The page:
Jackson Says Democrats Could Win With Just Traditional Base
WASHINGTON (AP) _ Jesse Jackson said Friday the Democrats could win the presidency in a three-way race by just going back to the party’s base - labor, women, blacks, urban voters and younger voters.
″You should spend most of your time fishing in pools where there are lots of fish,″ Jackson said outside a conference on inner cities hosted by his National Rainbow Coalition.
Democratic presidential contender Bill Clinton - whom Jackson has yet to endorse - was scheduled to address the conference on Saturday.
It is ″ridiculous reasoning,″ Jackson said, to think that Clinton risks looking like an ″insider″ if he pushes hard for the traditional Democratic constituencies.
″If that vote turns out and is inspired, it’s enough to win, substantially, in a three-person race,″ Jackson said. He said that if Clinton appealed to the party’s traditional base, he would not ″look like a hack.″
″It looks like one who is willing to inspire people to join the process to rebuild the country,″ said Jackson.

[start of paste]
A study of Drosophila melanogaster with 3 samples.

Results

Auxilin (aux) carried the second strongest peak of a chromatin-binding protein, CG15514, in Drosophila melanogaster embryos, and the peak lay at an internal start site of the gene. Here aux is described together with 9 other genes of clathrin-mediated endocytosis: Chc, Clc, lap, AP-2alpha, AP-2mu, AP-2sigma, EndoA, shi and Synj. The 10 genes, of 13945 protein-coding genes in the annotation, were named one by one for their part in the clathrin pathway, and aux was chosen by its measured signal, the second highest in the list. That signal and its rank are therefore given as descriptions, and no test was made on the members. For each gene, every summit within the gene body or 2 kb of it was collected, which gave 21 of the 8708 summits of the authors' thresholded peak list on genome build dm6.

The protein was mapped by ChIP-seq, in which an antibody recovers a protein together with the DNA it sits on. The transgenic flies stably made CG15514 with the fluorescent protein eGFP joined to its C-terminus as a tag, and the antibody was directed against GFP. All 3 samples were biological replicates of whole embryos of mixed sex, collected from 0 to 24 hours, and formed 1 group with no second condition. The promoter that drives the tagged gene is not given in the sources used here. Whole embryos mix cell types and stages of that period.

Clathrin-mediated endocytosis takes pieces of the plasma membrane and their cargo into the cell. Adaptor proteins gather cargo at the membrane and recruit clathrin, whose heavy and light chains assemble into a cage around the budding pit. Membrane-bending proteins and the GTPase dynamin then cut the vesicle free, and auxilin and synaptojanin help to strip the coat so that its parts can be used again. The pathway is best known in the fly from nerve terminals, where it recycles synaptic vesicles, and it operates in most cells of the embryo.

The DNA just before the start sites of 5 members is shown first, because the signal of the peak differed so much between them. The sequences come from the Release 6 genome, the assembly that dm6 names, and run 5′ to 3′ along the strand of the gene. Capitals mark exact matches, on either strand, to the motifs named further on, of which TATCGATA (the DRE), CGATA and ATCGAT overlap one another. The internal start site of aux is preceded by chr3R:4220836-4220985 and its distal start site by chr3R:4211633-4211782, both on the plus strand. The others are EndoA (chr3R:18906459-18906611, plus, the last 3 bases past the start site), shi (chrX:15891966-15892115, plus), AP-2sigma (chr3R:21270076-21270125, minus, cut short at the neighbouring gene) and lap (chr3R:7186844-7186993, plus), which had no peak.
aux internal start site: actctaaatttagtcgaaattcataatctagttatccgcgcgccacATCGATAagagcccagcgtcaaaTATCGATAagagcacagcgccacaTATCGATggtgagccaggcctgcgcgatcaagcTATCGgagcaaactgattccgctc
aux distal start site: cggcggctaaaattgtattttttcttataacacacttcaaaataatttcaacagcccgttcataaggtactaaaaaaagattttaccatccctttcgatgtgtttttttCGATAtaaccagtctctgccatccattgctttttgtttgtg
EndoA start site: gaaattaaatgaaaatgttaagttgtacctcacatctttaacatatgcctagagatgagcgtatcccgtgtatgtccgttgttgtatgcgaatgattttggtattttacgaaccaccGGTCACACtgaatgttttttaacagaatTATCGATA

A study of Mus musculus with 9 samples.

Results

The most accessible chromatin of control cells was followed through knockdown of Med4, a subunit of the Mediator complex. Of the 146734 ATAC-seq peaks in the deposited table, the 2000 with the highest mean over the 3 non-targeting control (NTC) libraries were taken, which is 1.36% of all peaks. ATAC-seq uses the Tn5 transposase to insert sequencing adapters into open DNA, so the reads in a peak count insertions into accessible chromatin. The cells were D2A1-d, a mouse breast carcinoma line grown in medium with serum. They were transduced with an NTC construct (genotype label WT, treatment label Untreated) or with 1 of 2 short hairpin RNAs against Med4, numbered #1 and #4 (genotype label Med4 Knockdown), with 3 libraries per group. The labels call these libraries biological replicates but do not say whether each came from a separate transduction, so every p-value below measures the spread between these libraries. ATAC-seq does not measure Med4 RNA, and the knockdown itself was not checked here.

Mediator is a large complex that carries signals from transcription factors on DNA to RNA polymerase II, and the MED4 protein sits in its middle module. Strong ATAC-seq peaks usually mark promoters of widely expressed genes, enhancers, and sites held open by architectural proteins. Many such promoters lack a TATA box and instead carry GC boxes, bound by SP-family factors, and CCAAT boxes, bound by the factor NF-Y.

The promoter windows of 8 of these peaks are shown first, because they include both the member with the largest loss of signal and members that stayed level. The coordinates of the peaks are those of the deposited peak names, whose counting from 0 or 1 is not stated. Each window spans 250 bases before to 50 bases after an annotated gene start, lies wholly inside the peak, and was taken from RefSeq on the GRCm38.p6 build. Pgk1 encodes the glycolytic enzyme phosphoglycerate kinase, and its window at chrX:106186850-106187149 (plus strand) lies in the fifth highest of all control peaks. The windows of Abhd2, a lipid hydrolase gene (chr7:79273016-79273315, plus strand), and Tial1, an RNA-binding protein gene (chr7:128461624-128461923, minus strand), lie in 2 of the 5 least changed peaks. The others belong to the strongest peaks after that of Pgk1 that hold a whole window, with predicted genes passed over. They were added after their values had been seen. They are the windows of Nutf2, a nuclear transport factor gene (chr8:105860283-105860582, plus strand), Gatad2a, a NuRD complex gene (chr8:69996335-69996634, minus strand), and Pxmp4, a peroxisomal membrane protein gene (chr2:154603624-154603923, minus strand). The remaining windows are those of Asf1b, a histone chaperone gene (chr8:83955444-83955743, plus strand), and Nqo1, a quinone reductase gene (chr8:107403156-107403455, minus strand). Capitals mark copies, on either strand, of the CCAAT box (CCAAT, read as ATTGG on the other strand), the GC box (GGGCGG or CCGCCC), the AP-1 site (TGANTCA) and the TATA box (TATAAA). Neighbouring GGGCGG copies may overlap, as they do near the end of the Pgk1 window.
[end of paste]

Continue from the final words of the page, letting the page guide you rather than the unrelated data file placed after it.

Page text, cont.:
Jackson said Democrats have typically polled about 40 percent of the vote in recent presidential elections, which could be enough to win in a likely three-way battle this fall between Clinton, President Bush and independent Ross Perot.
Bush and Perot would split the rest of the vote, leaving the Democrats to mop up with its base, Jackson said.
As for reports that the Clinton campaign is worried about embracing Jackson because accommodating him might seem like bowing to a special group, Jackson said: ″Voters who are going to Perot are not leaving because of me.″
″I have nothing to do with the movement of those who are moving,″ Jackson said.
Jackson defended his decision not to endorse Clinton yet.
″There’s so much media waves filled up with punditry talk - who is with whom when, who said what about whom yesterday - there is no substance in that political maneuvering and guesswork,″ Jackson said. ″I’m interested in a plan for national reconstruction.″
Former California Gov. Jerry Brown, who challenged Clinton for the nomination and does not plan to drop his candidate status until the Democratic National Convention in July, also spoke to the conference.
He criticized the Bush administration for just offering ″crumbs″ to the cities.
Brown, who ran against big-money politics and wants to limit campaign contributions, said he planned to spend the next four weeks working on platform issues.